Daniel Kammen, UC Berkeley professor of Energy and Director of the Renewable and Appropriate Energy Lab, has publicly resigned his role as State Department science envoy. The U.S. Science Envoy Program, an outreach initiative started by the Obama administration, sends top scientists abroad to promote the country’s commitment to science and technology as tools for diplomacy; envoys typically serve for one year.

Dietary Disruption: Startup Takes on Lucrative Supplement Market

The last time many people on the campus of UC Berkeley were paying attention to Will Smelko it was 2010. Then 22 years old, Smelko was the ASU president and he made news by vetoing a resolution urging the University to divest from companies supplying military-related equipment to Israel.

Do Cool Pavements Moderate Global Warming? It’s Complicated

If you’re considering ways to reduce urban heat and moderate global warming, cool pavements just seem like a no brainer. Asphalt, after all is dark; it absorbs heat. But light colored cement or asphalt treated with a whitish surfacing agent can reflect heat. That should make cities cooler and also reduce air conditioning demands, cutting back on electricity production and the planet-warming carbon emissions that spew from fossil-fueled power plants. Win-win, right?

Reading Roundup: John Cho, Hair Bans, a World Record, and More

John Cho Is (Finally) the Leading Man

Star Trek actor John Cho, ‘96, stars in director Kognada’s Sundance hit debut, Columbus, in theaters now. Cho plays a translator who rushes from Seoul, Korea to his hometown of Columbus, Indiana to take care of his father, who is in a coma. Though best known for his role as Hikaru Sulu in the recent Star Trek revamps, Cho got his start as a fill-in for an extra in a UC Berkeley play. He went on to travel with the Berkeley Repertory Theater and star in the Harold and Kumar film franchise.

Is Tunneling Water Across the State Our Best Option?

Like many before him, California Governor Jerry Brown has vowed to “fix” the Sacramento-San Joaquin Delta, that vast and beleaguered wetland east of San Francisco Bay that is a source for much of Southern California’s water, an agricultural powerhouse, and a nursery for valuable fisheries.

Where Did the Sun Go? An Eclipse Primer

If you’re in North America, chances are you’ve heard that there will be a solar eclipse on August 21. You may even be traveling—or know people who are traveling—a goodly distance for the best view of what is essentially a monumental overcast.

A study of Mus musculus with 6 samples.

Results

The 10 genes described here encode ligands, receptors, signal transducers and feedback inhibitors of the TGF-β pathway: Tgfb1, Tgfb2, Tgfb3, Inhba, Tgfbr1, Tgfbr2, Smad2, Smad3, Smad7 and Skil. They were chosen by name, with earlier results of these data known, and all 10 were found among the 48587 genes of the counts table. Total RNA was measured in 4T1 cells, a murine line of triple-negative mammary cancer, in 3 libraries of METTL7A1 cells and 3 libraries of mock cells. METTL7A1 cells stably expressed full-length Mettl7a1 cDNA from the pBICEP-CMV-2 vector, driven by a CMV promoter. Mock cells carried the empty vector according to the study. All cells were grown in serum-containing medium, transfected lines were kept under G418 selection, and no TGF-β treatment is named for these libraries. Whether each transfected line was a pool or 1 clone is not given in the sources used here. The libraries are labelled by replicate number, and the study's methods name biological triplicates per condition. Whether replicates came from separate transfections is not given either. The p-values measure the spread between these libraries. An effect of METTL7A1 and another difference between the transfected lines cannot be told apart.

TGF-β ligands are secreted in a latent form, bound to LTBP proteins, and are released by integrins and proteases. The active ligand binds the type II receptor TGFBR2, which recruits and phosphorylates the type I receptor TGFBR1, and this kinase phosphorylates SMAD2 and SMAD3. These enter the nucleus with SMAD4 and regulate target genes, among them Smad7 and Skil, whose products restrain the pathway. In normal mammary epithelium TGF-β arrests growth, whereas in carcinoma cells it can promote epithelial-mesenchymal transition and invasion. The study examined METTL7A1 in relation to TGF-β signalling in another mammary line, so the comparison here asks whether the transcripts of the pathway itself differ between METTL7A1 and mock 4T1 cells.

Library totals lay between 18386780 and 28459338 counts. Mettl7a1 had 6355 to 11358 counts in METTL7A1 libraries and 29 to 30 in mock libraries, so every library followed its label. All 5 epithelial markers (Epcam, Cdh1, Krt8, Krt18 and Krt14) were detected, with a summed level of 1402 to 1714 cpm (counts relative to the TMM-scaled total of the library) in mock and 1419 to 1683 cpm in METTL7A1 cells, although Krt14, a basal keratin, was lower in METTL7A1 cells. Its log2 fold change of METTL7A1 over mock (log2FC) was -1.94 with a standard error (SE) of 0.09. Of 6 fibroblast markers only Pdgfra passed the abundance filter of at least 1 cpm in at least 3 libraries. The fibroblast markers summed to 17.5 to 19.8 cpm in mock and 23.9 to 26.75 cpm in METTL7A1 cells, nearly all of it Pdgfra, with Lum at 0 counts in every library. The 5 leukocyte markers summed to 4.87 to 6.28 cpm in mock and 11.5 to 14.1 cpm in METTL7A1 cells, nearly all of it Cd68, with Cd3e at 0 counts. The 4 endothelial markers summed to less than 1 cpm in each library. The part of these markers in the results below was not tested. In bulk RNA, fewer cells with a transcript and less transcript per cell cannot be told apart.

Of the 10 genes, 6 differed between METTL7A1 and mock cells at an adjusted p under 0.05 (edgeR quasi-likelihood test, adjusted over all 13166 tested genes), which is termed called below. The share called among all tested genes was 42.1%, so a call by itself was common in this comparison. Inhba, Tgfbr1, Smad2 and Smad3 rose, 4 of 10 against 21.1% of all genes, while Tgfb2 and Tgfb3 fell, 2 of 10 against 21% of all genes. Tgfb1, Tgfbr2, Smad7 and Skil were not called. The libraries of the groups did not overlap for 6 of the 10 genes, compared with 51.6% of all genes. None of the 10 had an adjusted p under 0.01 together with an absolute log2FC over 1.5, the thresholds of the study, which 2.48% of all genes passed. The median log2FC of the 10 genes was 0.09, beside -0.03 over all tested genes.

So what’s the big deal?

Glad you asked! We’ve got answers to your most burning questions about the solar event of the century.

Should We Be Worried About Rogue AI? We Ask the Experts.

Technoscenti titans Elon Musk and Mark Zuckerberg have gotten into a bit of a tiff lately, with Musk repeating warnings that rapidly developing artificial intelligence (AI) poses an existential threat to humanity, and Zuckerberg countering that such concerns are much ado about not much.

Cal Programs Aim to Make Diversity the New Business as Usual

Ashley Williams opened her Apple laptop and turned the screen to face two men seated in front of her at a round, silver table. Clicking through slides, the 28-year-old former journalist walked them through her vision for Rizzarr, the startup she founded more than two years ago.

A New Age of Aging: How Tech Can Ease the Trials of Getting Old

Broken hip announcements were a dark opera as I entered adulthood. Both parents. Then the parents of many of my friends and the parents of their friends’ friends as we marched toward middle age. For each of the afflicted, it was the last stumble toward the grave. For their offspring, who had tumbled through the tear gas of the Vietnam era, it was strange to witness: falling down, then pneumonia, confusion, intestinal bleeding, bladder infections, dementia, stroke, and within a year or at most two, the tomb.

An Atomic Bomb Survivor Recalls the Horrors of Hiroshima

August 6 marks the 72nd anniversary of the dropping of the first atomic bomb on the Japanese city of Hiroshima. It’s a day Jack Dairiki, Cal ’58, remembers well because he was there. He was 14 years old.

Bob Bea Takes Us on a Deep Dive Through His Dire Oroville Report

Like everyone else, Robert Bea was appalled when almost 200,000 Californians living below Oroville Dam were ordered to flee for their lives on February 12.  The evacuation was necessitated by severe erosion of the dam’s primary and emergency spillways caused by massive releases of water following torrential winter rains. But unlike most citizens, Bea knew the incident wasn’t engendered strictly by the vagaries of nature or an act of God. Human error was at play.